A meteoric rise through the minors earned the rookie prospect meaningful playing time in September

Welcome to the 2022 edition of Ranking the Rockies, where we take a look back at every player to log playing time for the Rockies in 2022. The purpose of this list is to provide a snapshot of the player in context. The “Ranking” is an organizing principle that’s drawn from Baseball Reference’s WAR (rWAR). It’s not something the staff debated. We’ll begin with the player with the lowest rWAR and end up with the player with the highest.


A disappointing 2022 saw the Rockies well out of contention as they reached the final month of the regular season. As is typical of a team entering a meaningless September, they decided to give some playing time to young prospects looking to get their feet wet. What wasn’t typical was that the Rockies made the expected move of promoting Michael Toglia, one of their top prospects, to the big leagues in the final week of August.

Toglia began the season in Double-A Hartford, playing 97 games there to the tune of a .234/.329/.466 slash line with 23 home runs and 66 RBI. By August he earned a promotion to Triple-A Albuquerque where he went scorched earth on the PCL for about two weeks. In just 17 games with the Isotopes, Toglia had a .333 AVG and a .413 OBP, but what really stood out was his .758 SLG. He popped seven home runs and seven doubles while driving in 17 runs and scoring 11 of his own. That seemed to be impressive enough that the Rockies called up Toglia to make his debut on the road against the Atlanta Braves at the end of August.

The young switch-hitter played in 31 of the team’s final 33 games, starting all but one of those games. In 120 at-bats, he tallied 24 hits with six two-hit games and a lone three-hit game. He also smacked eight doubles, two triples (both in the same game), and two home runs that helped give a little bit of a preview of what makes Toglia’s bat so promising.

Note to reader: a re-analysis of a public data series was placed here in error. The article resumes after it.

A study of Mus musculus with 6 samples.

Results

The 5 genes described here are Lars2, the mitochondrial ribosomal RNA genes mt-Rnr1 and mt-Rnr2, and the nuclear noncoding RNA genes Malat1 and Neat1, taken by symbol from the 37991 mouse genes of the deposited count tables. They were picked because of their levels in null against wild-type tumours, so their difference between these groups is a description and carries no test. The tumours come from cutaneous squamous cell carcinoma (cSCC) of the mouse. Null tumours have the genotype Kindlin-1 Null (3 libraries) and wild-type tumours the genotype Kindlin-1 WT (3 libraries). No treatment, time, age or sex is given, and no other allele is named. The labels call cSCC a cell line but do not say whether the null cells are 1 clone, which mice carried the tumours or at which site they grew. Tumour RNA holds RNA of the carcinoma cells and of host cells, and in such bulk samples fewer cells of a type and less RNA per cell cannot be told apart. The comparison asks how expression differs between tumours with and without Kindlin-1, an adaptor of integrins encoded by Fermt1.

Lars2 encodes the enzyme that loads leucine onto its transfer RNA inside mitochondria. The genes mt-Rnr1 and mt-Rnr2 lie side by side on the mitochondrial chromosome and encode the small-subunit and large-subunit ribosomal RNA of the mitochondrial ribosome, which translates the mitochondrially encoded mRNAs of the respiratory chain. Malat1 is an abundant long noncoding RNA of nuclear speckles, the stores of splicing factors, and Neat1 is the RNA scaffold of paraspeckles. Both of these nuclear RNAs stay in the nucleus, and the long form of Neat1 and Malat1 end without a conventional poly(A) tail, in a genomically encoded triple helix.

However, he did so demonstrate some of the problems that could arise if they aren’t addressed. Toglia profiles as a “three true outcomes” type of player. He will hit for power but is also prone to strikeouts that can only be offset by an ability to draw walks. In the minors, Toglia averaged a strikeout rate of roughly 30% with a walk rate slightly above 12%. During his big league stint, he struck out 44 times — which equates to a 36.7% strikeout rate — while drawing just nine walks.

When he did hit the ball, Toglia is as advertised with the power threat. He posted a 40.2% hard-hit rate with an average launch angle of 17 degrees and a .338 BABIP when he makes contact. He averaged an even split between ground balls and fly balls but did lack in the line drive department. If he hopes to contribute offensively, he will need to find a way to raise his OBP and SLG numbers, cut down on strikeouts, and not drive the ball into the dirt as much.

On the other side of the ball, Toglia displayed a strong skillset with the glove. He split time between first base and right field. Despite not being his natural position, Toglia did show promise in the outfield, making it a suitable option next season if the Rockies choose to keep C.J. Cron. However, his future defensively is best suited for first base. His glove is reminiscent of Todd Helton and there could be a Gold Glove in his future if he continues to improve there, especially with his range ability.

Michael Toglia is another indication that the Rockies are finally starting to trend towards a “rebuild” type of mentality of promoting their young stars in tandem with their veterans. If Toglia can find a consistent plate approach under the new hitting coach next year, he can expand on the potential he displayed in 2022 while overcoming the growing pains. If he does that, it’ll be a major step for the future of the franchise.